Summary: The birth of Ishmael came about as a lapse of faith. Like Abram & Sarah, we sometimes try to “help God out,” when instead we should be waiting and trusting.
The Arab world dominates our thinking these days; it’s our major global concern--with the war against terrorism, hostage-taking, beheadings, and the Palestinian uprising in Israel. All this conflict originates from chapter 16. Jews and Arabs trace their heritage from Abraham, and to his two sons, Isaac and Ishmael. From Ishmael came the genesis of Arab/Israeli conflict.
The birth of Ishmael came about as a lapse of faith. Sarah was unable to conceive, was past menopause, and so she urged Abram to father a son through a substitute, her handmaid Hagar, a servant given by Pharaoh in Egypt. The child would be legally hers. Sarah more than anyone knew the heaviness of Abram’s heart. She knew the sadness he tried to mask. In those days childless couples were objects of pity and ridicule. Sarah also knew of God’s covenant and wondered how it could be fulfilled. Her scheme was socially acceptable, a common practice in those days, but her plan was outside of the will of God. Society’s approval isn’t always the measure of whether an action is correct.
There are basically 3 answers to prayer: yes, no, and the toughest of these is wait. It’s great news when God says yes and gives us what we want. It’s hard when we have to accept a negative response, but at least the issue is settled. However, when God puts us “on hold”, the waiting can seem intolerable. Someone prayed, “God, give me patience, and I want it right now!” This is probably how Abram and Sarah were feeling…which led them to carry out God’s promise in their own way. Sarah’s proposal did not come from prayer or faith.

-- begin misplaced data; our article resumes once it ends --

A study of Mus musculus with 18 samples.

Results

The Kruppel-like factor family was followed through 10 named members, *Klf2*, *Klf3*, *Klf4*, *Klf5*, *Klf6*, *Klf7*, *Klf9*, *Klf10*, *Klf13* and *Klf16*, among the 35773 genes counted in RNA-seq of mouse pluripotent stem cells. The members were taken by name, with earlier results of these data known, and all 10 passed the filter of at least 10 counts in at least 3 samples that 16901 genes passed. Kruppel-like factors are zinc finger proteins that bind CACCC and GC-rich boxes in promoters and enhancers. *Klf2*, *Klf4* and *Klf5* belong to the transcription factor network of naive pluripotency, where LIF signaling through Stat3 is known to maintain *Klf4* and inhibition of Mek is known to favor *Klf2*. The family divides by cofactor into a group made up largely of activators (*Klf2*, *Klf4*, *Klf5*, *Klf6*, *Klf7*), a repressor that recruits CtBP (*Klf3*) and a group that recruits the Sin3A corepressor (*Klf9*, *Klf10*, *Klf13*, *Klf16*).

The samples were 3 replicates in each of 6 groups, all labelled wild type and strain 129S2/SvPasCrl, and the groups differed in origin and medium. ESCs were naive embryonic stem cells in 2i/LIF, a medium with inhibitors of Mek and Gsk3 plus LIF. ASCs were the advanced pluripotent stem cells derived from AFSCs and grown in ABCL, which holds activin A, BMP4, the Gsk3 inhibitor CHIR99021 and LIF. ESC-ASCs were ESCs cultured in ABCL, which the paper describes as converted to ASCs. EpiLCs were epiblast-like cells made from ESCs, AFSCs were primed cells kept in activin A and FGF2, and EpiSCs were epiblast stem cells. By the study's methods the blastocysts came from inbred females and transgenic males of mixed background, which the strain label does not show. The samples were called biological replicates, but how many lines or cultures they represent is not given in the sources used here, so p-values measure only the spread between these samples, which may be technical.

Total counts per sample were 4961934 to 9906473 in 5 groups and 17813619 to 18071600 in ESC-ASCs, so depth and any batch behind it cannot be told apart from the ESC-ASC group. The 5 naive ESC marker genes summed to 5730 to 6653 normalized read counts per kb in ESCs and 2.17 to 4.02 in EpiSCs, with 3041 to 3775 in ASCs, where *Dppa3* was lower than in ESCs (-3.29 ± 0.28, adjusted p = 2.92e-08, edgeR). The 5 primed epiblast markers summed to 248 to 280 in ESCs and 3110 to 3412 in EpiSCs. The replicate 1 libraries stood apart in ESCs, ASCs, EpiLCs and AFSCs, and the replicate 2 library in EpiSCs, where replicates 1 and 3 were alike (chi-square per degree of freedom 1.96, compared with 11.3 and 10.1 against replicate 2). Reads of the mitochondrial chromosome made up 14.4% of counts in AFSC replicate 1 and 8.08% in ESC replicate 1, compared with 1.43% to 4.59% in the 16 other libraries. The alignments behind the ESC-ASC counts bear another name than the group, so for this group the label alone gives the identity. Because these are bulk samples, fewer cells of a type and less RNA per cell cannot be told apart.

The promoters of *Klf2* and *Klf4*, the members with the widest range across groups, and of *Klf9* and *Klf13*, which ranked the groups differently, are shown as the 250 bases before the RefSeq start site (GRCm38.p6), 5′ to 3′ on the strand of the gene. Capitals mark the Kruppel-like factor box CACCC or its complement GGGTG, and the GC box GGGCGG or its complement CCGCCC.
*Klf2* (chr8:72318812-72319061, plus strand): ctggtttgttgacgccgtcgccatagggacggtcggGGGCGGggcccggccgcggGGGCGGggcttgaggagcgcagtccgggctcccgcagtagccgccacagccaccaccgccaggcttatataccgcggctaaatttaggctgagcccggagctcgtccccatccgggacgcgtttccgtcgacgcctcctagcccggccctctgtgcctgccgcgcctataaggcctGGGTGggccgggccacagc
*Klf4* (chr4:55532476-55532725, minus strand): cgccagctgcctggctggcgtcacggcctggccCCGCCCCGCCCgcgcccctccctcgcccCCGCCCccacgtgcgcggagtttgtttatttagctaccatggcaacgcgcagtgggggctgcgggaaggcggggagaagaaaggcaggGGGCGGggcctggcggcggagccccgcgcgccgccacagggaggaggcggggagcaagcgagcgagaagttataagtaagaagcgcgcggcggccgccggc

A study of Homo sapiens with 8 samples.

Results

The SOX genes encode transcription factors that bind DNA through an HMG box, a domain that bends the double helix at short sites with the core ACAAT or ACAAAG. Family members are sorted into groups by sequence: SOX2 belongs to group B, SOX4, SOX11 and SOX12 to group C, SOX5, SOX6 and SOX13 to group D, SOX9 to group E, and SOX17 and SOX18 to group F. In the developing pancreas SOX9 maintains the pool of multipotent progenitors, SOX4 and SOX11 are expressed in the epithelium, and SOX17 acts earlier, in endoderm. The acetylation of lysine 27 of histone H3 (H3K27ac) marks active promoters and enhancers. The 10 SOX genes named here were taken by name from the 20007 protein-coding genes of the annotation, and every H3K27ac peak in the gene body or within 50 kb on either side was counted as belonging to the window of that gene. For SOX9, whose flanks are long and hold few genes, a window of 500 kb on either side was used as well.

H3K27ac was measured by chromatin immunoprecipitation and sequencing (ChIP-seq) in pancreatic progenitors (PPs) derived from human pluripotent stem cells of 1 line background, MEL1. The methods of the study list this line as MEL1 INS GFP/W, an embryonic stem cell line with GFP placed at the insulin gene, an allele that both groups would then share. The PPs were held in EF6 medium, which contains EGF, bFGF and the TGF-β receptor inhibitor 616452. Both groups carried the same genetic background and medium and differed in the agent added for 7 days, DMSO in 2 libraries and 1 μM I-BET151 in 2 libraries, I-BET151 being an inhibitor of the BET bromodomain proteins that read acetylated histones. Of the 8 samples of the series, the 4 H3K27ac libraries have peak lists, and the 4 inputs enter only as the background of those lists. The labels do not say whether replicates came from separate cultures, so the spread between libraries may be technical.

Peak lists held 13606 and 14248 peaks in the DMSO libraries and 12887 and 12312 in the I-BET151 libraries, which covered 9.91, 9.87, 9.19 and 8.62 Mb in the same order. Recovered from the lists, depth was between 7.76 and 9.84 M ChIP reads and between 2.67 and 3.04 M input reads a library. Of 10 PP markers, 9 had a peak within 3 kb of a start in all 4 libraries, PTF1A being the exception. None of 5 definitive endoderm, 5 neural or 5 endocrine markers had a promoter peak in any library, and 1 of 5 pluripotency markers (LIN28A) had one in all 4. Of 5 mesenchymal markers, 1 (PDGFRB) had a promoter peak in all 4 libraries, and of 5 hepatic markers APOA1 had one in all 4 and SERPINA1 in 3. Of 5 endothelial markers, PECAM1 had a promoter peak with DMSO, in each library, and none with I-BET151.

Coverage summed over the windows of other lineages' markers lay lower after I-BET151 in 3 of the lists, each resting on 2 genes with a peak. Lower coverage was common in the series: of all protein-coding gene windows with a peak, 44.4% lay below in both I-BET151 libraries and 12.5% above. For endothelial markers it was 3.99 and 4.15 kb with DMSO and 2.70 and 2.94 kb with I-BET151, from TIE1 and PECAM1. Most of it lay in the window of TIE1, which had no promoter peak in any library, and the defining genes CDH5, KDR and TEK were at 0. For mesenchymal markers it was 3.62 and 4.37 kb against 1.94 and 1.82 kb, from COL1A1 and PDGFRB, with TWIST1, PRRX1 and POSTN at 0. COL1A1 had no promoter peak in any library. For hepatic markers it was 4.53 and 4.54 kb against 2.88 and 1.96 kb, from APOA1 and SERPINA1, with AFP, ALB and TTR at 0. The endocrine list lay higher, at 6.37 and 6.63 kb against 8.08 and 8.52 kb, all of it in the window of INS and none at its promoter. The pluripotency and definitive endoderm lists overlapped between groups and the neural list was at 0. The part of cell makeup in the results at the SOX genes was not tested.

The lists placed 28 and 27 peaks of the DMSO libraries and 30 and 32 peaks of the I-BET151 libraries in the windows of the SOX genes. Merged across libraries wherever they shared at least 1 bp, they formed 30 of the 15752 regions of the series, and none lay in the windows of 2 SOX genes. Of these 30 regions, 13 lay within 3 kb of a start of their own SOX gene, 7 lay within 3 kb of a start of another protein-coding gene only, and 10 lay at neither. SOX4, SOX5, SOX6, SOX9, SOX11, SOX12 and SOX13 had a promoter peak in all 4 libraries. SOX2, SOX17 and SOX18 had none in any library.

Sarah may have even felt like a victim, as though God had forced her to act outside of His promise. God’s delays are not God’s denials. The fault was in her bad choice. There are lots of consequences for which God gets blamed. A prizefighter killed an opponent in the ring and at his press conference he reflected, “I wonder why God does the things He does.” An unwed mother lamented, “I was dating a man and became pregnant. I was devastated! I asked God, ‘Why have You allowed this to happen to me?’” A couple who drowned their children cried out, “Oh God, no! Why did you let this happen?” What part did God play in their choices? These are simply examples of people blaming God for their own actions. We can add Sarah and Abram to the list.
By the way, Abram wasn’t exactly a young man, and this scheme could have been Sarah’s way of showing that the “failure” wasn’t hers alone, but that Abram also was unable to produce children…this of course, backfired.
On a positive note, this incident demonstrates the strength of God’s unconditional covenant with Abram. That covenant, made in chapter 15, did not depend on Abram’s conduct; if it had, his attempt to fulfill God’s promise through Hagar would have nullified the agreement. Time and time again, we see how God puts up with us in spite of our failures and faithlessness. God didn’t give up on this couple--nor will He give up on us.